Please tell me I am not the only one applying lipstick driving down the road, while simultaneously texting my sister in law to make sure she can still watch the kids so I can make it to a ladies night while my husband works 80 hours a week. As I pulled into my sister in law’s driveway, yelling at my kids that they all better have shoes on, I had this major epiphany. Why am I stressing myself out, and yelling at my kids, to get to a ladies night with people I am not even sure like me.
I am 35 years old and I am still trying to figure out my tribe. Friendships are always changing. Ladies night 13 years ago, meant a late night out with my 3 besties, hitting up the most trendy clubs in the city. Or after a long week, we could drink wine in our dress yoga’s and binge watch Gilmore Girls, on DVD of course.
I had my first child at 25 years old, my besties ooohhhed and awwed over her, they helped me navigate the first year of motherhood. I did not really belong to any “mom” groups, and I was ok with that. By the time she turned one year old, I was pregnant again. My husband travels a lot for his job and I relied heavily on my besties. However, the chaos of 2 kids under 2 eventually took its toll on our friendships and we drifted apart. I was devastated, I loved my babies and I loved my friends. I could literally make a bottle, prepare a snack, pour a cup of coffee and pick right back up mid-sentence with my friends. I put a lot of energy into making it to their weddings, baby showers, and BBQ’s but that wasn’t enough, my main focus was always my babies and they knew it.
As the kids entered preschool, we made some new friends. It was so cute; we had little picnics at the park and signed up for gymnastics classes together. The kids were making friends, and I thought I was, too. When my second child started preschool, we had some different hurdles. He was diagnosed with Childhood Apraxia of Speech. He had so much to say but just couldn’t get it all out. Our family dove all in to helping him. Our friends were people we met at Speech Therapy, our friends were people that had walked in our shoes, our friends were his teachers. We were surrounded by people who loved to have playdates, enjoyed all the kids, enjoyed drinking coffee and having superficial conversations. These years flew by, but reflecting back, I was longing for a true best friend that loved me and my kids.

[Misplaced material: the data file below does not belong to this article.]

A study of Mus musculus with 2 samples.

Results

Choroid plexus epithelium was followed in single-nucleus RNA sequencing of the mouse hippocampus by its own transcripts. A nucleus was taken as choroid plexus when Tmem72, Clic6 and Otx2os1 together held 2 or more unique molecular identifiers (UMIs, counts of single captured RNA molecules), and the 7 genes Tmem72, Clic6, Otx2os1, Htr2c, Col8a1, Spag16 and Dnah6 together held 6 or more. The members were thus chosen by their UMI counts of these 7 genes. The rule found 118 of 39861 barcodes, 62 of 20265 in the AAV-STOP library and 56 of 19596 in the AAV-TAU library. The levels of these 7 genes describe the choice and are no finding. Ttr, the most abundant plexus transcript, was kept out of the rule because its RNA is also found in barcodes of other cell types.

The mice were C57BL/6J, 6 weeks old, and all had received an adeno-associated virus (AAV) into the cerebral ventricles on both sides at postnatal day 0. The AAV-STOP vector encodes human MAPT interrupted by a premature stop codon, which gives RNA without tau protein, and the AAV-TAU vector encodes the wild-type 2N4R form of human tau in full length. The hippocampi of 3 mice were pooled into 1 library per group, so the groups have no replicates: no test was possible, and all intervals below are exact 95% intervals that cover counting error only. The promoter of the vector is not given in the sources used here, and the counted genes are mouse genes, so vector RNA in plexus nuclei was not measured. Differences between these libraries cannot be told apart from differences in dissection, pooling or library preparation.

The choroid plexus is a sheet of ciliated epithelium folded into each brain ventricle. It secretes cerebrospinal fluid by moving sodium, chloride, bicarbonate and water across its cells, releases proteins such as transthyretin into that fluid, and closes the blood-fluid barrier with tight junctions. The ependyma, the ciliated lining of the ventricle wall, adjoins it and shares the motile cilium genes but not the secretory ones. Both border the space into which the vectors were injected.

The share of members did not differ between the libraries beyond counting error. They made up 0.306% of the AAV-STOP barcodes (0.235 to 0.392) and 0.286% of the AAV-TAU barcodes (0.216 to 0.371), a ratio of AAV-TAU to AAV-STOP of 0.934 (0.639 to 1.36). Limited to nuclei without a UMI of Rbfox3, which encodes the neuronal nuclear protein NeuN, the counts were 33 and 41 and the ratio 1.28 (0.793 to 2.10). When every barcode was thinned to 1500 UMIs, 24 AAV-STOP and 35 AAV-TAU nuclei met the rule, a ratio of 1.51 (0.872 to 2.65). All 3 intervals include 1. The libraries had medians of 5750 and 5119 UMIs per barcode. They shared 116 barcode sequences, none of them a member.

I read all the meme’s and blogs about mom friends; Cat and Nat are my heroes. I never had anyone show up at my house with a bottle of wine and cry with me. Now if you know me, this might be surprising to you. I have lots of “friends” on social media, I know lots of people throughout my company, I am very social with my husband’s coworkers, and I have an open door policy at my house.
My kids are school-aged now and they are navigating their own friendships. I desperately want them to fit in, I want them to be included, well-liked, they are amazing. And so am I.
I am loud, I talk entirely too much, foot in mouth should be tattooed on my body, I love country music, I don’t mind the mess, I excessively drink coffee, I love Jesus, I refuse to eat non-organic meat, I am chronically late and I really don’t tolerate bull. When I was driving down the road trying to apply my lipstick, I thought this is my chance, in order to “fit in” I need to change. I am internally telling myself, don’t say too much, say bless her heart, don’t drink the wine, don’t drop the F-bomb. WHY ?! At 35 years old, I am who I am.
Really getting to know someone takes time, really getting to know their kids takes time. I think we are pretty cool people; we are so much more than you see on the surface. Make time to get to know someone, be their friend, even when it’s hard.
I now have a couple ladies that truly “know” me, they don’t mind the mess and the chaos. They discipline my kids as their own, the love them as their own, and I love their kids, too.